Call for ex-teachers to return to the classroom

Call for ex-teachers to return to the classroom

The Department for Education (DfE) in England is asking former teachers who have the skills and time to return to the classroom on supply if possible.

The DfE explains that the Omicron variant is expected to continue to cause increased staff absence levels in the spring term, and some local areas may struggle to find sufficient numbers of supply teachers available unless former staff come forward.

Potential teachers are therefore encouraged to get the process started as soon as possible and ideally before Christmas Eve to be ready to join the workforce from January.

Those who are recently retired, or trained as a teacher and moved careers, are asked to consider whether they can find even a day a week for the spring term to help protect face-to-face education.

Supply teacher agencies across the country will continue to manage local supply and demand to help make sure schools and colleges do not need to close as a result of lack of staff.

Former teachers are encouraged to approach those agencies identified on the sign up page as being registered on the Government’s framework. 

The Disclosure and Barring Service has confirmed it will be ready to meet any spikes in demand for its service, continuing to meet its current turnaround times of 80% of Enhanced Checks issued within 14 days, of which 30% are issued within a day.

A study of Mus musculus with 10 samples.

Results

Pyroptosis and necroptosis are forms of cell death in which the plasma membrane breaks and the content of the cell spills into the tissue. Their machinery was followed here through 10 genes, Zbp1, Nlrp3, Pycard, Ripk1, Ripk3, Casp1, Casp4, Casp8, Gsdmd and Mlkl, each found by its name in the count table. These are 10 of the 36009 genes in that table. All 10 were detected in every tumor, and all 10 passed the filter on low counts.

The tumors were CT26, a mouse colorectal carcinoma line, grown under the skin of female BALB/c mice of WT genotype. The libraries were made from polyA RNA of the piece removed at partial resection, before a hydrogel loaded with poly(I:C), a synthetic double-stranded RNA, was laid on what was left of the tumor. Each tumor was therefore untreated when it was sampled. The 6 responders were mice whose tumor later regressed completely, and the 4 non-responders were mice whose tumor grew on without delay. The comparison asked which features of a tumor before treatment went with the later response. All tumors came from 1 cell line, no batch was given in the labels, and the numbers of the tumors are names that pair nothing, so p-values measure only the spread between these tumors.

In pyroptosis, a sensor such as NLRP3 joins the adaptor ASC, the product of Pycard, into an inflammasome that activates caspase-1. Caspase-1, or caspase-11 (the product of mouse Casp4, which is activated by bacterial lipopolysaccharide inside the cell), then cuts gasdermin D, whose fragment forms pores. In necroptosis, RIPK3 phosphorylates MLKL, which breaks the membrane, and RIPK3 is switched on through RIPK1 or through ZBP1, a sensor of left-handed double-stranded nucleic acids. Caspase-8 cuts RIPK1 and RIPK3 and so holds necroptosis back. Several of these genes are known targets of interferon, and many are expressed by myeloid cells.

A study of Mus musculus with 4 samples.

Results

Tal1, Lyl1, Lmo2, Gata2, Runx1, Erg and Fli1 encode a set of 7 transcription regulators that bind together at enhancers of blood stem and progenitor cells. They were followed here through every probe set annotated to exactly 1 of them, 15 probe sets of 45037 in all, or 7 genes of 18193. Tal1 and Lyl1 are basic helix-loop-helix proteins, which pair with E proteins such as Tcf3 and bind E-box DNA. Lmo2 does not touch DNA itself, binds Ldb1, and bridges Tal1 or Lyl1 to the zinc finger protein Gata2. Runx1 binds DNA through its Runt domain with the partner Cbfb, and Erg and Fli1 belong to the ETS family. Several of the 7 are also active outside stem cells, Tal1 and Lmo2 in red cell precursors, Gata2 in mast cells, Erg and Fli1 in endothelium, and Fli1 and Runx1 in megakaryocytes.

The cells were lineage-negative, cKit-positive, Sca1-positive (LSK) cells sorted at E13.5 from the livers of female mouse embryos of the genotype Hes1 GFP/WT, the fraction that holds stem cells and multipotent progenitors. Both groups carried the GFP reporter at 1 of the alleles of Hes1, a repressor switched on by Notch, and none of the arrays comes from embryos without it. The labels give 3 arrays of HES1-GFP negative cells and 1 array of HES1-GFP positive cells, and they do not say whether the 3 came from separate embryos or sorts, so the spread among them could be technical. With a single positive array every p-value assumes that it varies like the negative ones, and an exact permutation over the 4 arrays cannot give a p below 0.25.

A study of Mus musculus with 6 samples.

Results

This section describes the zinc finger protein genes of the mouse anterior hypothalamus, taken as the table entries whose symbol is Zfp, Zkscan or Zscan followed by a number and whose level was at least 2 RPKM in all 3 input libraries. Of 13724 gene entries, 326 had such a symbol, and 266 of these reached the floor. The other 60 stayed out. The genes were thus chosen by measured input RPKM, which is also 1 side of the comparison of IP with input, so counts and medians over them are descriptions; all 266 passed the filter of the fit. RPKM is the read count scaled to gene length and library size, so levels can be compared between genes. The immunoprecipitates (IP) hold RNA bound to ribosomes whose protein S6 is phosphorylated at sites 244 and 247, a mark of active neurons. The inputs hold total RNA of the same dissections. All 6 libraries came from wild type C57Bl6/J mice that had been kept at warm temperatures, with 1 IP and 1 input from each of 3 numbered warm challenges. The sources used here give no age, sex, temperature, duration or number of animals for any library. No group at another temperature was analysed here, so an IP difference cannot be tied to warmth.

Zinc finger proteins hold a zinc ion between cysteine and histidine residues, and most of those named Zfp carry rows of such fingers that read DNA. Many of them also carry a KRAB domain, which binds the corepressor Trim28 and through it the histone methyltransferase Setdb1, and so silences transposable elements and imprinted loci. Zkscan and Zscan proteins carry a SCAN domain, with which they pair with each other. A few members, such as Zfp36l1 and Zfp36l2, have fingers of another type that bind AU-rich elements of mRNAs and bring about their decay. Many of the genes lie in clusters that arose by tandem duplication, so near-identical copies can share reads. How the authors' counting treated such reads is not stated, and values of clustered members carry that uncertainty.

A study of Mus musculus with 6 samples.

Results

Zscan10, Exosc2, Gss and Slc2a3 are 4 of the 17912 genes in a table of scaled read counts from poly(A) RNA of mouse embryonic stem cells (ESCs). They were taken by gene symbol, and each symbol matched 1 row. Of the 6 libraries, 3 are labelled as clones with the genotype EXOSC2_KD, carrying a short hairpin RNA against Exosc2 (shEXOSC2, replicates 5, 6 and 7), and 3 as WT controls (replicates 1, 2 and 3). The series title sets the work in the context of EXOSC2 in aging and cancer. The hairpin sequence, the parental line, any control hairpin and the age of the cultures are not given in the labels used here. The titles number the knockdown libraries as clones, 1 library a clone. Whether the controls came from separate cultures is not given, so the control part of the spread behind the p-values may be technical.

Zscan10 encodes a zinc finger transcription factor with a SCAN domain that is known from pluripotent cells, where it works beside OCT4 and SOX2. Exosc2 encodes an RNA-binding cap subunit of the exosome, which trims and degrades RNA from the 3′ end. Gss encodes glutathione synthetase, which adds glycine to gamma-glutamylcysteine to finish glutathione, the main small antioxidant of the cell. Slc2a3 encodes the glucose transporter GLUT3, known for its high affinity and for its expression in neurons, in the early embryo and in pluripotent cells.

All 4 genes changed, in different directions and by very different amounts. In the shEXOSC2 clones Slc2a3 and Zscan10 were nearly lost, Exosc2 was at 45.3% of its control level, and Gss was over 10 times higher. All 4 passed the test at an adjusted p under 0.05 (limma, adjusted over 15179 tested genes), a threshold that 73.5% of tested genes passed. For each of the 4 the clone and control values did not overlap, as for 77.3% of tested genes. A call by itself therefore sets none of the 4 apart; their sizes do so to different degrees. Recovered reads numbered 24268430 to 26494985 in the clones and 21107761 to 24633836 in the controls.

Who can sign up?

The DfE is inviting qualified ex-teachers from primary, secondary and further education to step in and help teach children and young people in school and college on a temporary basis. You may be retired, taking time off to care for children or others, or currently working in a different area, but you may be able to spare some time to help.

If returning to school as a supply teacher you can subscribe to Edapt to access high-quality employment support for your role.

Was this article helpful?

The information contained within this article is not a complete or final statement of the law.
While Edapt has sought to ensure that the information is accurate and up-to-date, it is not responsible and will not be held liable for any inaccuracies and their consequences, including any loss arising from relying on this information. This article may contain information sourced from public sector bodies and licensed under the Open Government Licence. If you are an Edapt subscriber with an employment-related issue, please contact us and we will be able to refer you to one of our caseworkers.